Camping in Mississippi offers an abundance of outdoorsmanship, sport, sightseeing, and getting back to nature. With tons of wildlife and extensive historical settings, there are surprises around every corner in this beautiful state.
If it’s history you’re after, you can’t go wrong with either the recent history of the Civil War, or the ancient history of the Paleo Indians. Fifteen miles north of Tupelo, in northern Mississippi, is this pivotal Civil War battlefield of Brices Cross Roads, where General Nathan Bedford Forrest won a major victory, but the long-term effects of the battle would prove costly for the war overall, showing that you can win the battle but lose the war. Camping here gives you access to the interpretive center, the battlefield and cemetery. In the foothills of the Appalachian mountains, Tishomingo has been named as one of the top 100 campgrounds in America. Archaeology dates Paleo Indian sites to 7000 BC, but the name of the park come from Chief Tishomingo, leader of the Chickasaw nation.
Camping in Tishomingo offers disc golf courses, hiking, playgrounds, playfields, volleyball courts, and a swimming pool. If you’re adventurous and get a permit, try technical rock climbing. Canoeing and fishing are available on Bear Creek, and Haynes Lake is also open to fishing.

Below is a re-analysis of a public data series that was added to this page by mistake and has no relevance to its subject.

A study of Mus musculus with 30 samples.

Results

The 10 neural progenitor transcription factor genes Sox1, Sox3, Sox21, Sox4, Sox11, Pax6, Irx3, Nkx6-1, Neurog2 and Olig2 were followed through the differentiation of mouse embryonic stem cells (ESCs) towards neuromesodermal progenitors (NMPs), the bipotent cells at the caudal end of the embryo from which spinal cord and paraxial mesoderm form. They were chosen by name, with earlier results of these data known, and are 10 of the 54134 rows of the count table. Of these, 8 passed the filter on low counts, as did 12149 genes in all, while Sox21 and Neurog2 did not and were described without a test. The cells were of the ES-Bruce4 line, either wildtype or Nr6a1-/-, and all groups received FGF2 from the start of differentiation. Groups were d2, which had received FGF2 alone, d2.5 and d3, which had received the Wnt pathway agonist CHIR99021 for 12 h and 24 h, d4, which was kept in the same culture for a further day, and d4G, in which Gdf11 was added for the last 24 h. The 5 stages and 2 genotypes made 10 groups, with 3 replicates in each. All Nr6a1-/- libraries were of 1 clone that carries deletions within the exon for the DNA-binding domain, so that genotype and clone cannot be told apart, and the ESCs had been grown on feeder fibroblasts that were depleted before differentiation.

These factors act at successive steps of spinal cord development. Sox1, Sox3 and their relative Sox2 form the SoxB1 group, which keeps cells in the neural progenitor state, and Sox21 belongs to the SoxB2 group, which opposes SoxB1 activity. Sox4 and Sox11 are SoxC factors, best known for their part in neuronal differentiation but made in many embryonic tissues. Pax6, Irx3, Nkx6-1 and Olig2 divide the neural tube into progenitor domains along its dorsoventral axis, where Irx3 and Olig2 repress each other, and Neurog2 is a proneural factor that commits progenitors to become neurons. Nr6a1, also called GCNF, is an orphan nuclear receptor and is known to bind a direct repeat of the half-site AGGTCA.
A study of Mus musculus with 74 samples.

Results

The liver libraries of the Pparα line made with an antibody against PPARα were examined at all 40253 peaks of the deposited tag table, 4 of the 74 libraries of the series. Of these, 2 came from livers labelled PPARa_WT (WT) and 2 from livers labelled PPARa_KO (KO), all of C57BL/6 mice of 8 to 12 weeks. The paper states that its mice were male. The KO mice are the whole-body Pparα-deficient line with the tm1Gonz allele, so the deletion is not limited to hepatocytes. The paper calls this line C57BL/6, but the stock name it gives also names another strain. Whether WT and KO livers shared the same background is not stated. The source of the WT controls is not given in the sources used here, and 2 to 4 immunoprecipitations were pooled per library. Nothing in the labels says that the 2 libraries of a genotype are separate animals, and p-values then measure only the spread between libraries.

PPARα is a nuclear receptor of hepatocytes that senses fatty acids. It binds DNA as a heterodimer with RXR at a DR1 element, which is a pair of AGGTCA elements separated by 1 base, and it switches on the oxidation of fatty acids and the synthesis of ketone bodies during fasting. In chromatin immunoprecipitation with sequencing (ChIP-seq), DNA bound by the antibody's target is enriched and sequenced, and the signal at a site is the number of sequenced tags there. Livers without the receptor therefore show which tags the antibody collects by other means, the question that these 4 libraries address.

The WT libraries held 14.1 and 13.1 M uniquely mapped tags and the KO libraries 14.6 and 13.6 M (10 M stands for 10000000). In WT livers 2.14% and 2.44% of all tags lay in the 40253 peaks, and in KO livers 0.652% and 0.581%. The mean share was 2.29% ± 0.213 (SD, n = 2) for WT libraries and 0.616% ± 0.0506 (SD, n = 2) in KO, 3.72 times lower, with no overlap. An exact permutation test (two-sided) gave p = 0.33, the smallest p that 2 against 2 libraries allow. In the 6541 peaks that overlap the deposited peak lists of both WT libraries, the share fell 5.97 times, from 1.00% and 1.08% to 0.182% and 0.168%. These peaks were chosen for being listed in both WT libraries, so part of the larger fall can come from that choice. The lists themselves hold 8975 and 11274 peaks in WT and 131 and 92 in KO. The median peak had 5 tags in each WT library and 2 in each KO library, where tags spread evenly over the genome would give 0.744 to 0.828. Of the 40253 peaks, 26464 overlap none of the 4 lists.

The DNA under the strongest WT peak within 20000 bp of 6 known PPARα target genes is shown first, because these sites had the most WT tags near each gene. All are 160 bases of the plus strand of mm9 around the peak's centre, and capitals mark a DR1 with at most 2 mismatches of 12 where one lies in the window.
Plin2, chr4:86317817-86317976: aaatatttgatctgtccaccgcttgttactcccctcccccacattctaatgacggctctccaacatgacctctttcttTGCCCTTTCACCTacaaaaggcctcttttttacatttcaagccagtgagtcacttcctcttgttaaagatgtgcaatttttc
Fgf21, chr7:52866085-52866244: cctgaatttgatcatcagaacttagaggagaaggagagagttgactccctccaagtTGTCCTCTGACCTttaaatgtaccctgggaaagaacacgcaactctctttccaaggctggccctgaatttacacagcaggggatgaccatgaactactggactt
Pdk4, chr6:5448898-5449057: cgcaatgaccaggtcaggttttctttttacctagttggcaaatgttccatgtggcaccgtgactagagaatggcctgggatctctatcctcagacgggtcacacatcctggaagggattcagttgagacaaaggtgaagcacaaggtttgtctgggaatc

If you’re in the mood for a little water recreation, and we don’t mean fishing or canoeing, go camping at one of the 200 campsites on the Gulf Coast at Buccaneer. Though this park was devastated by Hurricane Katrina, it has been carefully restored and offers the Buccaneer Bay Water Park. But while you may love the wave pool and water slides, you can still enjoy the outdoors with the large moss-draped oaks, the marshlands, and the gorgeous Gulf of Mexico. Also known as Jackson’s Ridge, the park was home to Andrew Jackson after the Civil War.
For an expedition that may either be a scenic byway on your way to somewhere else, or a destination unto itself, consider the Natchez Trace Parkway. The Natchez Trace Parkway is actually a 444-mile recreational road and scenic drive that follows the historic route of American Indians, European settlers, slave traders, and soldiers. Along the way there are more than a dozen dedicated campgrounds, and many recreational opportunities. Campers can bike, walk the Parkway on foot, horseback ride, and stop for fishing in one of the many rivers and lakes it passes by (in Mississippi, try Ross Barnett Reservoir, Davis Lake, Bay Springs Lake, Tishomingo State Park, and JP Coleman State Park.)
And if you want to get down on the coast and water, visit the Gulf Coast islands: With six islands in Mississippi (Cat Island, Davis Bayou Island, Horn Island, Petit Bois Island, Ship Island, and West Petit Bois Island) there are plenty of places to pitch a tent and camp the night while admiring the beauty of the Gulf coast. Outdoors, you can bike, bird watch, fish, snorkel and dive, swim and sunbathe, and it even has some of the best stargazing in the area free from much light pollution.
Wherever you choose to camp in Mississippi, you’re bound to find something new to love and something new to enthrall you. The state is gorgeous, and the camping is so inviting.